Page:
Apr 28, 2022 | 8:56 am ET
By Dede Feldman

It seems like common sense. With wildfires eating up over 160,000 acres in Northern New Mexico and costing tens of millions of dollars for fire suppression, why not ban the sale of fireworks during the peak fire season of the year — Fourth of July? 

It’s a question that Gov. Michelle Lujan Grisham tried to grapple with a few days ago during a news conference on the state’s emergency response to the Calf Canyon-Hermits Peak, Cooks Peak, Cerro Pelado and other fires. The governor would like to ban fireworks in a time of extreme drought and danger, but she cannot according to a 1996 state law that vests that power in municipalities alone. 

And even that law, written with the support of the small-but-powerful fireworks industry, ties the hands of cities by requiring hearings 20 days in advance of any declaration, which renders immediate response to local fires impossible. Moreover, cities can only ban the sale or use of some fireworks (missile and stick-type rockets, helicopters, aerial spinners and ground-audible devices) and can only restrict the use of everything else that sets off showers of sparks to areas that are paved, barren or have an accessible source of water. For firefighters, who have been arguing for years for an outright state ban, that makes enforcement almost impossible.

In the absence of the power to issue a statewide ban, the governor issued an executive order declaring that severe drought and fire conditions exist and urging the municipalities to voluntarily ban fireworks, as have federal agencies and state forests. Faced with the same problem in 2011, Gov. Susana Martinez begged private businesses to take fireworks off the shelves — and some, including Walmart, did. 

That year — 2011 — was the year of the huge Las Conchas fire in the Jemez, and the next year I teamed up with the Republican governor to get the Legislature to give her power to issue a temporary fireworks ban during extreme drought. Every fire department in the state wanted to testify in favor of Senate Bill 5. The Municipal League and the Association of Counties were on board. The state forester was there. Petitions with 7,000 signatures from all over the state poured in, and the mayors of small towns feverishly lobbied their legislators.

In spite of the popular support — and some compromises made along the way — the bill went down in flames, tabled in the Senate Corporations Committee, chaired by Sen. Phil Griego. Lobbyists from the fireworks industry, who portrayed their clients as mom-and-pop enterprises defending mom and apple pie, were successful in holding off what I considered a clear public health and safety issue.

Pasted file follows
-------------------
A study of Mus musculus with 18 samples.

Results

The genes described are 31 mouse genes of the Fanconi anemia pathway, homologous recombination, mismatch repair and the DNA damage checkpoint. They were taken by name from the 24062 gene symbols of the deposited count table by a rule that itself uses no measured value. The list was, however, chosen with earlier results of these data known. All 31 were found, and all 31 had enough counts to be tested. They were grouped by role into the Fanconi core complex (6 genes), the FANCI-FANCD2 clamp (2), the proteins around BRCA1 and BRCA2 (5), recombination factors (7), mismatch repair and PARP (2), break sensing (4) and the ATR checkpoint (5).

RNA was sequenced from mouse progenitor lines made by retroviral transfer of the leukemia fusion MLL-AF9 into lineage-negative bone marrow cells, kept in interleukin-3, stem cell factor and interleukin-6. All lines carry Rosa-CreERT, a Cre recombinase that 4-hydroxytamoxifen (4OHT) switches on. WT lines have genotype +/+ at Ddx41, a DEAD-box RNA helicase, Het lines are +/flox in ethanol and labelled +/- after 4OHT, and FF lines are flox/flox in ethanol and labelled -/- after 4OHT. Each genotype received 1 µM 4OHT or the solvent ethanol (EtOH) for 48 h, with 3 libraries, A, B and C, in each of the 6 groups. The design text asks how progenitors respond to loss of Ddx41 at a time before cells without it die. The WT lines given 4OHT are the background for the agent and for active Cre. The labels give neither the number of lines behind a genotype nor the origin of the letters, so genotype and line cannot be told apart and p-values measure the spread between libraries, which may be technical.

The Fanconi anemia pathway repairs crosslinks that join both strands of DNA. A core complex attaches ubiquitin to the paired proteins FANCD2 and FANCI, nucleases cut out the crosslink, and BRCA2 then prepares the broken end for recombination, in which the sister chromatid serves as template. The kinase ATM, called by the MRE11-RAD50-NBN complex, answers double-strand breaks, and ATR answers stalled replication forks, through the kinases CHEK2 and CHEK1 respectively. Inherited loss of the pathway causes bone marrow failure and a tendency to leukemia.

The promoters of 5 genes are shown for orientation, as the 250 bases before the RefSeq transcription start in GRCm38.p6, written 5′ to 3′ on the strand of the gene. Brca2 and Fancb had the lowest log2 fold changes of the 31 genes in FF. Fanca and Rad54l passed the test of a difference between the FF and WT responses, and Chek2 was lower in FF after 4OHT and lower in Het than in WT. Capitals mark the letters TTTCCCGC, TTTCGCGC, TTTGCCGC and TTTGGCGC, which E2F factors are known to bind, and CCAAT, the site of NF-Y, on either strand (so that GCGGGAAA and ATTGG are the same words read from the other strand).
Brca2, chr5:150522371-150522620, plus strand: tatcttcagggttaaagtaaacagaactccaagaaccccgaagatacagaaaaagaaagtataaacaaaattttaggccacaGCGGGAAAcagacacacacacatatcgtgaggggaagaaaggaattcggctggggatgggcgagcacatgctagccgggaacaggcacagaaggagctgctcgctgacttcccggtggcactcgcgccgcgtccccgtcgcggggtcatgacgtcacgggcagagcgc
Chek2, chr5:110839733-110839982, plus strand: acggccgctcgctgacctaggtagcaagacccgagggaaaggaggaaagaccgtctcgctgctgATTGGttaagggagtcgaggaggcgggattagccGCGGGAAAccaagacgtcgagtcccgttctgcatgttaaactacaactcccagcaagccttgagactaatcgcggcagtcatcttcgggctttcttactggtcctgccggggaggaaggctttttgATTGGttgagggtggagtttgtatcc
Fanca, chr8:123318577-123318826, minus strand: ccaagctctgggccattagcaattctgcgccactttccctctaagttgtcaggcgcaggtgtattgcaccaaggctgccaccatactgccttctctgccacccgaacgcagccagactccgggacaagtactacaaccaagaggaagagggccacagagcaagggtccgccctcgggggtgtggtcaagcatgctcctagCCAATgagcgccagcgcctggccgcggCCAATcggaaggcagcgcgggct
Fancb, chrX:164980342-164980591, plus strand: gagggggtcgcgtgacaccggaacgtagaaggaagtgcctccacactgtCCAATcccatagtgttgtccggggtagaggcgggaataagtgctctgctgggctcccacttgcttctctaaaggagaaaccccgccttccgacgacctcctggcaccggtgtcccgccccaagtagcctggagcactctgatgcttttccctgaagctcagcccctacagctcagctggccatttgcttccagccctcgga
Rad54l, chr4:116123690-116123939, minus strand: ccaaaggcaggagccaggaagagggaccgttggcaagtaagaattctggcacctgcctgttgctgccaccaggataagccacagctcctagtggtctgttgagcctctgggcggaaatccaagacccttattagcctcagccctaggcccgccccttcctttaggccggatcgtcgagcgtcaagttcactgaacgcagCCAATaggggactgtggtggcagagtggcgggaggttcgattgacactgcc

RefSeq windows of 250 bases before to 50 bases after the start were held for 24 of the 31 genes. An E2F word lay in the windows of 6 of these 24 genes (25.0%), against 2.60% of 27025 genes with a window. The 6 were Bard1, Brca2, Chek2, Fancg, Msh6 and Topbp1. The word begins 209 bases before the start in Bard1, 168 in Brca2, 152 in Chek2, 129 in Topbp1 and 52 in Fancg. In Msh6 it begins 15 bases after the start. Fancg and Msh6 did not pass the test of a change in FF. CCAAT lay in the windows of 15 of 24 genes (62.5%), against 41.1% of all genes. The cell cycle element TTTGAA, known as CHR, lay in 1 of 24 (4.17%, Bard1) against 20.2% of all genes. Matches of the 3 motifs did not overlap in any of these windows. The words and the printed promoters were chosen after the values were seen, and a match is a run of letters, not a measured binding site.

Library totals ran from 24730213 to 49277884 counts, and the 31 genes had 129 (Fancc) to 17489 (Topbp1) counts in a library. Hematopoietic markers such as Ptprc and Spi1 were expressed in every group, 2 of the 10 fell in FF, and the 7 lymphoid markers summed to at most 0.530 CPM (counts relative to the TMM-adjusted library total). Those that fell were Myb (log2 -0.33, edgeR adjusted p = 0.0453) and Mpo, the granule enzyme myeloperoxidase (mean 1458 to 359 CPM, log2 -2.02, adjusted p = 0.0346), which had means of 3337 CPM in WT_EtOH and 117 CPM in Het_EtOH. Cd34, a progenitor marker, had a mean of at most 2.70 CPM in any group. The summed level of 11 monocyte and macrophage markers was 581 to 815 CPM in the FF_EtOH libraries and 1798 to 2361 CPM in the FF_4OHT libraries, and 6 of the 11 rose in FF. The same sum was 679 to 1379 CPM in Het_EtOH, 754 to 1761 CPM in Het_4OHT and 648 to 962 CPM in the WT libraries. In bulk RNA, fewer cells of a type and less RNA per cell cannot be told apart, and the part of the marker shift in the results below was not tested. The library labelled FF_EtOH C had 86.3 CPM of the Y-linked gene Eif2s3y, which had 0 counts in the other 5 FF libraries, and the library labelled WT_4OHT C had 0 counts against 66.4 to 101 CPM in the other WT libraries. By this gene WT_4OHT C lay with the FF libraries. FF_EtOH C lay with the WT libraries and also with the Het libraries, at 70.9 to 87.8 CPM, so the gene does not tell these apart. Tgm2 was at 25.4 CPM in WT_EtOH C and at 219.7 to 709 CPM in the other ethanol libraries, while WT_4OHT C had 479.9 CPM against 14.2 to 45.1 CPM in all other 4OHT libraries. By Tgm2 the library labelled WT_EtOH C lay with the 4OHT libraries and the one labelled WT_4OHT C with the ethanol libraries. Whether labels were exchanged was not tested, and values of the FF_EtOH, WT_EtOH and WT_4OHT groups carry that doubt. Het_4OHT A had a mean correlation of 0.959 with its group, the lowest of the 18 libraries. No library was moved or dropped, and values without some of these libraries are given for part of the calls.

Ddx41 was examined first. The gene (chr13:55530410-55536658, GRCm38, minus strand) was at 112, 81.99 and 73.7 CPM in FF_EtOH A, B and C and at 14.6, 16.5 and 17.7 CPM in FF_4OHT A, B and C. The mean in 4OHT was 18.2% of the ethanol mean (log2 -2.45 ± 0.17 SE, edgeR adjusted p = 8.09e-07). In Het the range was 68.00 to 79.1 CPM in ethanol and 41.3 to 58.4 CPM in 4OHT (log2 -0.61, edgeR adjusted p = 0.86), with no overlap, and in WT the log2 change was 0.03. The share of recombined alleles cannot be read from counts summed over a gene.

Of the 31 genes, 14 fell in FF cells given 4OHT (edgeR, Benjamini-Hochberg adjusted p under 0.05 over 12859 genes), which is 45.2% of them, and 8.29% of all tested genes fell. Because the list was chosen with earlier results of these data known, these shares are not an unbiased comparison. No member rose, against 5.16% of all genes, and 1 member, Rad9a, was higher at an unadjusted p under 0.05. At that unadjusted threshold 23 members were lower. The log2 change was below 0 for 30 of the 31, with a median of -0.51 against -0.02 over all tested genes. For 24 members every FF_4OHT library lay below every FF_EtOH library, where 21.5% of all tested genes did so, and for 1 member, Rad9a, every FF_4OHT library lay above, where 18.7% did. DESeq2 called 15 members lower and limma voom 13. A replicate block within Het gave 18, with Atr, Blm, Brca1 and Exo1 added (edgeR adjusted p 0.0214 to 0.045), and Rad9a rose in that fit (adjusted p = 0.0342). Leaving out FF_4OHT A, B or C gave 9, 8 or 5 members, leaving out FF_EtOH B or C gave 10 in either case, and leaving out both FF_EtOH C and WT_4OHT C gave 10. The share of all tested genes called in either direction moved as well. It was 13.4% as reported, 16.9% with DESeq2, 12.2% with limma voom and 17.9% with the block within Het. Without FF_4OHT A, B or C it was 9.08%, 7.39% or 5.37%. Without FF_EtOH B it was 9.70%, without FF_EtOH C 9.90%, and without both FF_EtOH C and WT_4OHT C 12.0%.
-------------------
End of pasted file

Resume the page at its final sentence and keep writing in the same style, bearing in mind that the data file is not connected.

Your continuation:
“We’re talking about a free country and independence,” Eddie Arnet from Amy’s Fireworks in Las Cruces told the committee. “These fireworks are used for the Fourth of July. We’re talking about sparklers in grandmother’s birthday cake.” 

The fireworks industry was composed of three companies, located in Roswell, Las Cruces and Farmington, along with seasonal retail outlets that sell fireworks along the roadside in the weeks before the Fourth of July. In 2012, lobbyists for the three companies were some of the most well-known, powerful and generous at the Roundhouse. And when it came to legislators, their largess was targeted to the Corporations Committee, which they often supplied with dinners shipped in from the fancy Restaurant Martín (complete with white linen napkins and the good china).  

In the years since, there have been several attempts to give cities more leeway on which fireworks they can ban, although the 20-day advance notice has always been maintained. In 2013, Rep. Emily Kane, a firefighter herself, introduced a bill. Sen. Griego tried in 2015, and Rep. Matthew McQueen tried in 2017. All the bills failed.

Opponents said that fireworks don’t usually cause fires, and that even if they were banned, they could be bought on Native American reservations or nearby states. 

Yet, while the causes of major forest fires only occasionally include fireworks, even one fire sparked in such a way can have a major impact. In 2003, a major Bosque fire caused by teenagers playing with fireworks near Old Town torched 300 prime acres of the Bosque running through my Senate district. It cost $1.7 million for fire suppression, nearly burnt down the Bosque School and scarred the suddenly evacuated residents of Thomas Village and Dietz Farms. It spurred me to introduce my first fireworks bill in 2004, which also went down to defeat.  

There are some causes of wildfires, like lightening or wind, that cannot be controlled.  But, according to natural resources professionals, nearly 85% of wildfires are caused by humans who leave campfires unattended, throw out cigarette butts, and yes, use fireworks negligently. Controlling fireworks is one of the few tools available — and yet it is a tough nut to crack in the Legislature.

Legislators have been unwilling to give the governor more power in an emergency, and they are unwilling to strengthen the hand of local government as well.

In a time of continued drought, brought on by climate change, it’s time for the Legislature to step up and become a part of the solution, rather than perpetuating the problem — an outdated law that prevents the governor from banning fireworks statewide in longer and longer fire seasons.

What will that take? Confronting a special interest with deep connections to legislators, to start — something the Legislature has been unwilling to do. But why not try a carrot, rather than a stick? Gov. Lujan-Grisham suggested “making them whole” for not selling their deadly, delightful product. It’s a nice way of saying: pay them off. It’s been done before, with other powerful interests that lawmakers are afraid to confront. A sad commentary on legislative courage, perhaps, but a practical way to save lives, expense, rural livelihoods and homes.